When a novel is printed in multiple countries, it often has more than one editor. Slate interviews Emma Donoghue; her American editor, Judy Clain; and her Canadian editor, Iris Tupholme, about how they all edited Frog Music. They discuss everything from how to deal with editing disputes to the best way to get edits. “I much prefer to get everyone’s opinions separately, because if I got a single editorial letter, it would be like getting a note from God!” Donoghue says. For more on the editing process, read about our own Edan Lepucki’s relationships with her copy editor and editor.
When I edit, I try to look at the big picture first. What is this book trying to do? In some cases, it’s telling an exciting story, in others it’s exploring a fascinating set of characters, or in others teaching the reader something new. My job is to make suggestions on how the author can take what he or she is already doing and make it even better. Mostly, I try to think about how the reader will react to the text. Is there something a reader might not understand? If so, the author should probably clarify it. Is there something that will make this a more page-turning read? If so, let’s do it. And of course, along the way, you’ll catch smaller things — plot and character inconsistencies, grammar errors, etc. — but it all leads to the same goal of making it the best possible experience for the reader.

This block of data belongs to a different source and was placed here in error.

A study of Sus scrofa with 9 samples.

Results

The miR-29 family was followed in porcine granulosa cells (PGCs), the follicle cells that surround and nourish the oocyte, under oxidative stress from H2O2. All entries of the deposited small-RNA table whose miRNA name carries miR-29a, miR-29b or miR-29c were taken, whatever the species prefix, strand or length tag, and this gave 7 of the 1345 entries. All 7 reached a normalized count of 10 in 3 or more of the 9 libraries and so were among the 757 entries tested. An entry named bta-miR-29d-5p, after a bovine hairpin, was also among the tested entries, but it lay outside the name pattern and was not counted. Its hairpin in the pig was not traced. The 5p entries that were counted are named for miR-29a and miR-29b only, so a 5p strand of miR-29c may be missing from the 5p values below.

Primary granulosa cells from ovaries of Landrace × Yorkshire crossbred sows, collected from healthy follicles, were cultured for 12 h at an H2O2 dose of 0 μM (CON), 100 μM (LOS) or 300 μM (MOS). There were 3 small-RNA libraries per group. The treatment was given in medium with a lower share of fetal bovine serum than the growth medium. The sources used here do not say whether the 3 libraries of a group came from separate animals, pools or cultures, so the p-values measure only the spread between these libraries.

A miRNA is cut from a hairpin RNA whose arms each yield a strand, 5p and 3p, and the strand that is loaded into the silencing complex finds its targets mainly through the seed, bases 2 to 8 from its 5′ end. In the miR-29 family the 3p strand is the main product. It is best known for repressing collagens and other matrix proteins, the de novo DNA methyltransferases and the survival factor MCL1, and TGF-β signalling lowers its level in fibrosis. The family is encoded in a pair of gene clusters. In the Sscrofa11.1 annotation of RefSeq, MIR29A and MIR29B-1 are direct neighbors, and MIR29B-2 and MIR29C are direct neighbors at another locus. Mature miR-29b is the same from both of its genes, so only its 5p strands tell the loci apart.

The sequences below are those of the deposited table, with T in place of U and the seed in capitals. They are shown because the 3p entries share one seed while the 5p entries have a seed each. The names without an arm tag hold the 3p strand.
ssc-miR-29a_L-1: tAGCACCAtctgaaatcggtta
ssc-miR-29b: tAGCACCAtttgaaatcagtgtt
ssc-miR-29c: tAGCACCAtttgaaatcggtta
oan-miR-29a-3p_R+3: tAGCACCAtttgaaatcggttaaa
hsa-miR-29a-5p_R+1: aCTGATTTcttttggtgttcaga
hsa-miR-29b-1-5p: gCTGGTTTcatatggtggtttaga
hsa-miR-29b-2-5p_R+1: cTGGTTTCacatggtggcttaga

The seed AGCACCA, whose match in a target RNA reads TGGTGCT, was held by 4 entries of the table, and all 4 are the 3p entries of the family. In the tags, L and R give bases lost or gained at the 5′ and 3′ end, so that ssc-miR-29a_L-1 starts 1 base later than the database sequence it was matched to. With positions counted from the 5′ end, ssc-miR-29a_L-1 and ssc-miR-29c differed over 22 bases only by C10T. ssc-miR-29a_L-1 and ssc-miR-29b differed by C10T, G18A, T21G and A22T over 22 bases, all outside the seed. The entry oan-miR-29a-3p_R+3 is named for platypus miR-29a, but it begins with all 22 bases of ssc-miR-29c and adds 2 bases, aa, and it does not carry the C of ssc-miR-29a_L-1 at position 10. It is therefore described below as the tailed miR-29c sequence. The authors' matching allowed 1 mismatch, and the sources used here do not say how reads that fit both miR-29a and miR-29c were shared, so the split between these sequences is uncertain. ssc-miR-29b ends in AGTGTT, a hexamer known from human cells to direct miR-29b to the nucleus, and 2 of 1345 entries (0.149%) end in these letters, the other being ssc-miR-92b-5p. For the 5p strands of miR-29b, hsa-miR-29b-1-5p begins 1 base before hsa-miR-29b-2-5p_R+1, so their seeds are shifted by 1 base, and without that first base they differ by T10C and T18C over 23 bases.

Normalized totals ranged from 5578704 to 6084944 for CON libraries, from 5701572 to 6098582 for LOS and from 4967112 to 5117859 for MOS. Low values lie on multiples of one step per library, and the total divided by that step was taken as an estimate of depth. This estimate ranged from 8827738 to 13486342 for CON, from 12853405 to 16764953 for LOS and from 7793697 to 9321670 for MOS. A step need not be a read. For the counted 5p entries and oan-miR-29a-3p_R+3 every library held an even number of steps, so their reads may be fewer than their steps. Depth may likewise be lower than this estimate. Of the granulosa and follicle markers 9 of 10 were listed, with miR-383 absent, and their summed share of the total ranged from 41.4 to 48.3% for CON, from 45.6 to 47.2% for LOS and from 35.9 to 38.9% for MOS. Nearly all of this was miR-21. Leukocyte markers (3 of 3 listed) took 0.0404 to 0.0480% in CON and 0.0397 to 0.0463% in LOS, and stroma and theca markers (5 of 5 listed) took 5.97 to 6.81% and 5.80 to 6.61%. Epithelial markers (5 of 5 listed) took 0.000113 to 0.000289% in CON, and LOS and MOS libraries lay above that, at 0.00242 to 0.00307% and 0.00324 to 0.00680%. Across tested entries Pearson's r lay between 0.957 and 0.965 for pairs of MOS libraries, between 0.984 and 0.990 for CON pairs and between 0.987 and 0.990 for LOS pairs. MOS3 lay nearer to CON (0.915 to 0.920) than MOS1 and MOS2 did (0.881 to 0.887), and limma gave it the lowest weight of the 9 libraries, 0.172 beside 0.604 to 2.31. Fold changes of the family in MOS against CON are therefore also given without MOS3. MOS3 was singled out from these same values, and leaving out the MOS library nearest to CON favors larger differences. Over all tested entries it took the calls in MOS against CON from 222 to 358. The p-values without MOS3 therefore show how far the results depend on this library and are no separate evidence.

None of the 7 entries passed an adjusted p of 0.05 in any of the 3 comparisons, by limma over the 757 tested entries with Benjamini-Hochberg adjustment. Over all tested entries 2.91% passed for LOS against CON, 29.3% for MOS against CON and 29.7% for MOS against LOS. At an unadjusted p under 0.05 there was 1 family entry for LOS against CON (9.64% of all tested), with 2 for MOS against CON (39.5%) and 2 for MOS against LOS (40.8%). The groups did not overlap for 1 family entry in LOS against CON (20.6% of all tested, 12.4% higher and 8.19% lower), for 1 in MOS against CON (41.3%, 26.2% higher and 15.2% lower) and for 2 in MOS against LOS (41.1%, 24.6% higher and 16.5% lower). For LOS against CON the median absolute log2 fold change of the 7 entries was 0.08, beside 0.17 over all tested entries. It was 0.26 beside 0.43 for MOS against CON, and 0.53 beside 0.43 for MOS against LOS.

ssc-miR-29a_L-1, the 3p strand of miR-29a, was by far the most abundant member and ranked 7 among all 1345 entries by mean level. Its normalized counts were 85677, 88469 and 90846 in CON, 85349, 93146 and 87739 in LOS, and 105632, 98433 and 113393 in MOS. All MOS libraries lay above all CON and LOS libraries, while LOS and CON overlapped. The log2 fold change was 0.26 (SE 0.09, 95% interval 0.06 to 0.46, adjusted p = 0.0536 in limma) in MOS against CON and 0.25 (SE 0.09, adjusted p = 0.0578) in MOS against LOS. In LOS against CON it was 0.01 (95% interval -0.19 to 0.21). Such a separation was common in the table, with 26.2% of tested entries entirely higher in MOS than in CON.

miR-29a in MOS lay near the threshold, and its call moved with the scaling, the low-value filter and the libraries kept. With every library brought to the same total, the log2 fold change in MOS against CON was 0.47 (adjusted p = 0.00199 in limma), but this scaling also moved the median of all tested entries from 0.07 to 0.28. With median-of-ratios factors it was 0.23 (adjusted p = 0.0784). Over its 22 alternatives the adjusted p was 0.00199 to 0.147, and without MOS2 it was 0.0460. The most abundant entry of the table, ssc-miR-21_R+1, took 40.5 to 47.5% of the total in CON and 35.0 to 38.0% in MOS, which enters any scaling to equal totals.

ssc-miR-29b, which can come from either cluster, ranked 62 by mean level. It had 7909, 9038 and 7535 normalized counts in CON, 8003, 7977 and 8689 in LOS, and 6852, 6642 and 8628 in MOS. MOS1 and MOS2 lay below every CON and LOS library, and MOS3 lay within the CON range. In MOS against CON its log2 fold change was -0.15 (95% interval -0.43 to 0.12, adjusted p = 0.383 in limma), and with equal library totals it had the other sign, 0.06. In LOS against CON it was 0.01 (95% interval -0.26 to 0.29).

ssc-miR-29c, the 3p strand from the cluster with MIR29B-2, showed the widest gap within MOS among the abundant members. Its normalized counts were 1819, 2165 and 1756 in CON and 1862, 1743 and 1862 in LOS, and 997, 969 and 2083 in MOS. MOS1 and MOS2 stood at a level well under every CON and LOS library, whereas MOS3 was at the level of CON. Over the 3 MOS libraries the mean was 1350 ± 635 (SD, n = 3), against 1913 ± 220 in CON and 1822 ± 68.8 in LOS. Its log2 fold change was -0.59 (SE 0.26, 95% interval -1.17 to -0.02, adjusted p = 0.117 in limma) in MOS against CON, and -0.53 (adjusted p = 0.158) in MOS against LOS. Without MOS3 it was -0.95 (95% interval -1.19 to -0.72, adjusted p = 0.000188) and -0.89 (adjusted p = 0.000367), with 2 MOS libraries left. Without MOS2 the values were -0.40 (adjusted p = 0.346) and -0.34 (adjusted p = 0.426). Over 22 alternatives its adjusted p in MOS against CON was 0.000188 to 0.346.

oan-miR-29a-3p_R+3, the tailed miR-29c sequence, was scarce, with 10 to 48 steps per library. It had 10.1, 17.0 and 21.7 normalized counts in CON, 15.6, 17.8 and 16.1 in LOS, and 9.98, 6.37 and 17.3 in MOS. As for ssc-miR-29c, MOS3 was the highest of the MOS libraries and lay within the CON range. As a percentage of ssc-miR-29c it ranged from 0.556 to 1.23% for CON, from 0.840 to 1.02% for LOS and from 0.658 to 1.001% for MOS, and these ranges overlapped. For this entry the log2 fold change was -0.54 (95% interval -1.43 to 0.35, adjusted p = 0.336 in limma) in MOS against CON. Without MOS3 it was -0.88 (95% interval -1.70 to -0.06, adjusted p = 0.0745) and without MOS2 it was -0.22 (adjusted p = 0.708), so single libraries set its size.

Allie Sommer in conversation with Edan Lepucki “Life is Too Short to Read a Bad Book: A Conversation with My Editor”
'See here, I want you to come to Random House and lose some money for us with literary books,' the press’s president and publisher, Harold Evans, told Daniel Menaker, then fiction editor of The New Yorker, in 1995. 'You have five years to fook oop.'
Matt Seidel, “’My First Buy’: Book Editors Discuss Their Earliest Acquisitions”
Because I read slowly, I also remember odd little details that provide a strong visual image, and so as I read along, if my visual image is jarred by a description, I’ll backtrack to figure out if there’s some inconsistency. I remember more details about characters in novels I’ve copyedited than I remember from my own life.
Edan Lepucki, “Style Sheet: A Conversation with My Copyeditor”
The founding editors are slowing down. We’re not mad at anyone anymore. We think everything is great. … But amazingly at n+1, we’ve had this younger generation of angry young women kind of rise up. Something has created space for young editors to come in and be really angry… But that’s holy, that’s the thing that makes great writing: being angry.
My stepmother used to give lots of speeches and he asked me to edit one of her speeches. I think the idea of giving a kid that kind of power over your parents’ work, even though she didn’t take any of my edits…[chuckles] There was a rush of perverse power.